Business isn't the only thing that's moving beyond bricks and mortar. Increasingly, churches are doing their business in the cloud — not the heavens, but the digital realm.
For example, at Granger Community Church, a congregation of about 5,000 people in northwest Indiana, online sermons get about 17,000 views a month, according to Jami Ruth, the church's communications director. One video has more than 6 million views, although it's not a sermon.
The church's communications director, Jami Ruth, says social media has become an increasingly important, and easy, way for members to introduce their friends to the church.
"It's really hard to knock on your neighbor's door and say, 'Hey, come to church with me on Saturday,'" she said. "But it's easy to hit 'share.'"
The collection plate has also gone digital, with options that include smartphone apps and texting-to-give.
Most churches are still playing catch-up when it comes to online donations, according to Scott Thumma, a professor at Hartford Seminary. "Just 31 percent are doing online giving," he said. "That's, like, staggeringly low."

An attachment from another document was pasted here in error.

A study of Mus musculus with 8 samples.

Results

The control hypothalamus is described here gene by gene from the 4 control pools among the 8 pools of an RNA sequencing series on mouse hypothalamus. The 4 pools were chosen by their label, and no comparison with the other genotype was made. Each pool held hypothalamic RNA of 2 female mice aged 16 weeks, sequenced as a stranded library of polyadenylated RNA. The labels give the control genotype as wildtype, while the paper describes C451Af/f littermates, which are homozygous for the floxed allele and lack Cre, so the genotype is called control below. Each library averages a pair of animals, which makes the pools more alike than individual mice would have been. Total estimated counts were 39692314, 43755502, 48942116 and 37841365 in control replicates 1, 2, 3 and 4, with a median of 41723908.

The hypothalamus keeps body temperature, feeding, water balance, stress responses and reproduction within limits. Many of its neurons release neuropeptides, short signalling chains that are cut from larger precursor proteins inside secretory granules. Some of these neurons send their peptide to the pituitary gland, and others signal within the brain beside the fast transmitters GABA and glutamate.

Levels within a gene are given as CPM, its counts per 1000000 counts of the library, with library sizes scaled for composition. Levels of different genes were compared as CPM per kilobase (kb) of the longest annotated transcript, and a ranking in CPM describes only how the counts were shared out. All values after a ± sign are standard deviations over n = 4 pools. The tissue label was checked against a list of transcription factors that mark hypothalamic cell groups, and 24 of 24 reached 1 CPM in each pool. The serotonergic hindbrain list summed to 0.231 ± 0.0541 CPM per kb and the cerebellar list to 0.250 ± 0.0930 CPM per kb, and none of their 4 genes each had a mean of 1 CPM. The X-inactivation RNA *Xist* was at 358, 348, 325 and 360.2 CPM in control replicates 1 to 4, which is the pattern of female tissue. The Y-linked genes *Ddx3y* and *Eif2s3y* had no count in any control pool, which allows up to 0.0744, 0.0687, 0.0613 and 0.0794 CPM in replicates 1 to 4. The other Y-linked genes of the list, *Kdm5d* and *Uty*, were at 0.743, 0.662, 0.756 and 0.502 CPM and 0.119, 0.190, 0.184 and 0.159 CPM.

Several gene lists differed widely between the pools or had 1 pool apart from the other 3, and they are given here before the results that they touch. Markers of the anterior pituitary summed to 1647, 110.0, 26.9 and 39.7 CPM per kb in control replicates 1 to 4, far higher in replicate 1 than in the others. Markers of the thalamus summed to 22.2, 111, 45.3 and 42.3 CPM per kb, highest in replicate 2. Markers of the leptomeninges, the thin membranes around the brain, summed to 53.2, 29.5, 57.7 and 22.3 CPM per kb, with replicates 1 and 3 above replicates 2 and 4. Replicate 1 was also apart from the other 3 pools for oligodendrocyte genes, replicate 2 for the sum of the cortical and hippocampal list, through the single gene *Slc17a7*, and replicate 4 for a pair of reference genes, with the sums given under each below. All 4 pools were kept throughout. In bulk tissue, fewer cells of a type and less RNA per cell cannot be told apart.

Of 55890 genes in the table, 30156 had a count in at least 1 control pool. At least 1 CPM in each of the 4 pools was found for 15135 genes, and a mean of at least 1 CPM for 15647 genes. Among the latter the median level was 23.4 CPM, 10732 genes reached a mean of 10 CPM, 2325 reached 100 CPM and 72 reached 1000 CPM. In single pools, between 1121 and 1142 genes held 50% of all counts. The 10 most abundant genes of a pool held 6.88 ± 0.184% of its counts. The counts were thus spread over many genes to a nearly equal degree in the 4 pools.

Brian Kluth, a consultant who works with churches on how to maximize donations, says that newer simpler-to-use tech products may help smaller churches catch up to bigger players like Granger.
Meanwhile, Kluth says, small congregations have some DIY tech tricks. "They're literally doing karaoke worship," he said, "putting up YouTube videos of 'How Great Thou Art,' and their people are singing along to the screen."
He's done this himself. "To be honest, that's more preferred, sometimes, than someone who can barely play their guitar — and doesn't know how to sing — trying to lead a group of people."